Trump cancels Poland trip as Hurricane Dorian gains strength
By Zach Fagenson and Gabriella Borter MIAMI (Reuters) - President Donald Trump cancelled a visit to Poland on Thursday and Florida's governor expanded a state of emergency to prepare for Hurricane Dorian, which is forecast to make landfall on the Atlantic coast Monday as a dangerous Category 4 storm.
By Zach Fagenson and Gabriella Borter
MIAMI (Reuters) - President Donald Trump cancelled a visit to Poland on Thursday and Florida's governor expanded a state of emergency to prepare for Hurricane Dorian, which is forecast to make landfall on the Atlantic coast Monday as a dangerous Category 4 storm.
Trump said Vice President Mike Pence would make the trip to Poland in his place so that he could remain in the United States to make sure federal resources were properly directed at the arriving storm.
"It's something very important for me to be here. The storm looks like it could be a very, very big one indeed," the president said.
Florida Governor Ron DeSantis, who had already declared a state of emergency for 26 counties on the state's east coast, extended it on Thursday to the whole of Florida. "Floridians need to take this storm seriously. Hurricane #Dorian is moving slowly & gaining strength," DeSantis wrote on Twitter. "Now is the time to get prepared & have a plan. Remember, we can rebuild a home but we can’t rebuild your life. The safety of all Floridians is my top priority."
Georgia Governor Brian Kemp declared a state of emergency in 12 counties to assist with storm readiness, response and recovery.
Dorian, expected to strengthen in the Atlantic with violent winds topping 130 miles per hour, is aiming at central Florida, including Florida's famed Space Coast. It is expected to make landfall on the Labor Day holiday Monday. It could churn across dozens of launchpads owned by NASA, the U.S. Air Force and companies such as Elon Musk's SpaceX and Jeff Bezos' Blue Origin.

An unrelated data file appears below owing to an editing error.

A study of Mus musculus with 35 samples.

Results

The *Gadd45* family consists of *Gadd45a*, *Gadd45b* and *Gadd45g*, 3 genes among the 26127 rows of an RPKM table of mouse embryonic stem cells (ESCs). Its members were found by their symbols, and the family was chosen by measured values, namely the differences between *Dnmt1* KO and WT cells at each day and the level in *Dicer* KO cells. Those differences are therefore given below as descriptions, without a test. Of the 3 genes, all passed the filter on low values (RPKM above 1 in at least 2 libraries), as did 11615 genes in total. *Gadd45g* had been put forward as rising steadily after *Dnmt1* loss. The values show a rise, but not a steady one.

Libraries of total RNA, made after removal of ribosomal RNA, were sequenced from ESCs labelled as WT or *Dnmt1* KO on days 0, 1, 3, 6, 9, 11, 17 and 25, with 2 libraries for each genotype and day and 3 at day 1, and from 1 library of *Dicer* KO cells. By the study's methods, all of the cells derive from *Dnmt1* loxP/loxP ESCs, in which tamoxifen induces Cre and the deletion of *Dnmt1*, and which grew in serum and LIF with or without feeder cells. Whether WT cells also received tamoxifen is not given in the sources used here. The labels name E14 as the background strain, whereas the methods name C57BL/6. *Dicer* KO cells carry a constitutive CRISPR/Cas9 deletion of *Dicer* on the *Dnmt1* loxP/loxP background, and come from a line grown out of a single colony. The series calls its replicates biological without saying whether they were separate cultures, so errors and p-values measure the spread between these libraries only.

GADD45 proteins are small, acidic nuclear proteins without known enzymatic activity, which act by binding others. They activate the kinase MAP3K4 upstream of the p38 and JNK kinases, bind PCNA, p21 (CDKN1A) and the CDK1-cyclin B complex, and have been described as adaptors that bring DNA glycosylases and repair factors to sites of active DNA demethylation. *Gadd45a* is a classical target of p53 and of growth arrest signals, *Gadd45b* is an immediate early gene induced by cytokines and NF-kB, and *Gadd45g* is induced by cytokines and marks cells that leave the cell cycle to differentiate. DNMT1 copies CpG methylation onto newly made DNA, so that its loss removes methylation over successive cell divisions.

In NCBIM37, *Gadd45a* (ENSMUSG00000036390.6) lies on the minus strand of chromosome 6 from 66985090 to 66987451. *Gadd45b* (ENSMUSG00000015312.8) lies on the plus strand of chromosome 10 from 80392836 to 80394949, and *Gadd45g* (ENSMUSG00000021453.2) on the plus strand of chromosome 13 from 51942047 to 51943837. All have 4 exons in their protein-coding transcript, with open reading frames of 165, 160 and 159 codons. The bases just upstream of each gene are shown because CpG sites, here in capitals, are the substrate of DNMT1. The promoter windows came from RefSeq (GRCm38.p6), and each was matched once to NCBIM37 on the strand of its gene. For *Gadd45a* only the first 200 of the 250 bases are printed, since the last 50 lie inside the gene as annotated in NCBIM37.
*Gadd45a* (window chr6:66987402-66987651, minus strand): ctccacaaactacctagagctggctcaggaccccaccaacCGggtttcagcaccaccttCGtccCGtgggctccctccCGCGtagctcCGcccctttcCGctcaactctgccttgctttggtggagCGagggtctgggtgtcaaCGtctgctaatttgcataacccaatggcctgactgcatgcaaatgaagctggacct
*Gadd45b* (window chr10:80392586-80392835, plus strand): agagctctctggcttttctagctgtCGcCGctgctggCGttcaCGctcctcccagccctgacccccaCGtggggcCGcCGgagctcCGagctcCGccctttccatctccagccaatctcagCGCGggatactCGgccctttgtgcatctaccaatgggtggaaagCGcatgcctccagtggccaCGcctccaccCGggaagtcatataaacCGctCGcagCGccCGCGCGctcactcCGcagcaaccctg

Such winds would make Dorian a Category 4 storm, the second-strongest on the Saffir-Simpson scale for measuring hurricane intensity.
BAHAMAS NOW IN PATH
Dorian, a Category 1 hurricane on Thursday afternoon, had maximum sustained winds of 85 miles per hour (137 km per hour), moving towards the northwest at 13 mph (20 kph) some 330 miles (535 km) east of the Bahamas, the National Hurricane Center said.
The Miami-based NHC said hurricane watches could be issued for portions of the Bahamas on Friday and the risk of "devastating hurricane-force winds along the Florida east coast late this weekend and early next week continues to increase."
After making landfall, Dorian was forecast to linger over central Florida on Tuesday, according to the NHC. Tropical storm-force winds could be felt in parts of the state as early as Saturday evening.
"We're worried. This is not looking good for us," said Angela Johnson, 39, bar manager at Coconuts On The Beach, a Cocoa Beach bar and restaurant on the town's surfing beach. "We woke up a lot more scared than we went to bed last night, and the news is not getting any better."
Officials were making piles of sand available for Cocoa Beach residents to fill sandbags starting on Friday.
The biggest hurricane to have come ashore in the area in recent history was Jeanne in 2004, which made landfall around Port St. Lucie as a Category 3 storm.
Miami television station WSVN showed images of dozens of shoppers with empty carts lining up around the outside a supermarket in Davie, part of the Miami metropolitan area, waiting to get inside to buy what supplies they could.
The Universal Orlando Resort theme park, owned by Comcast Corp, said it was following the approaching storm closely.
Nearby towns were checking storm drains and back-up generators for waste-water plants as well as setting up round-the-clock shifts for emergency personnel.
The University of Central Florida, one of the largest U.S. universities by student population, said its main campus in Orlando would close on Friday afternoon.
Governor DeSantis said the storm "has the potential to severely damage homes, businesses and buildings, which is why all Floridians should remain vigilant."
(Reporting by Zach Fagenson in Miami and Gabriella Borter in New York; Additional reporting by Andrew Hay, Helen Coster in New York, Alexandra Alper, Joey Roulette and Eric Beech in Washington; Writing by Alistair Bell and Dan Whitcomb; Editing by Will Dunham and Tom Brown)
This story has not been edited by Firstpost staff and is generated by auto-feed.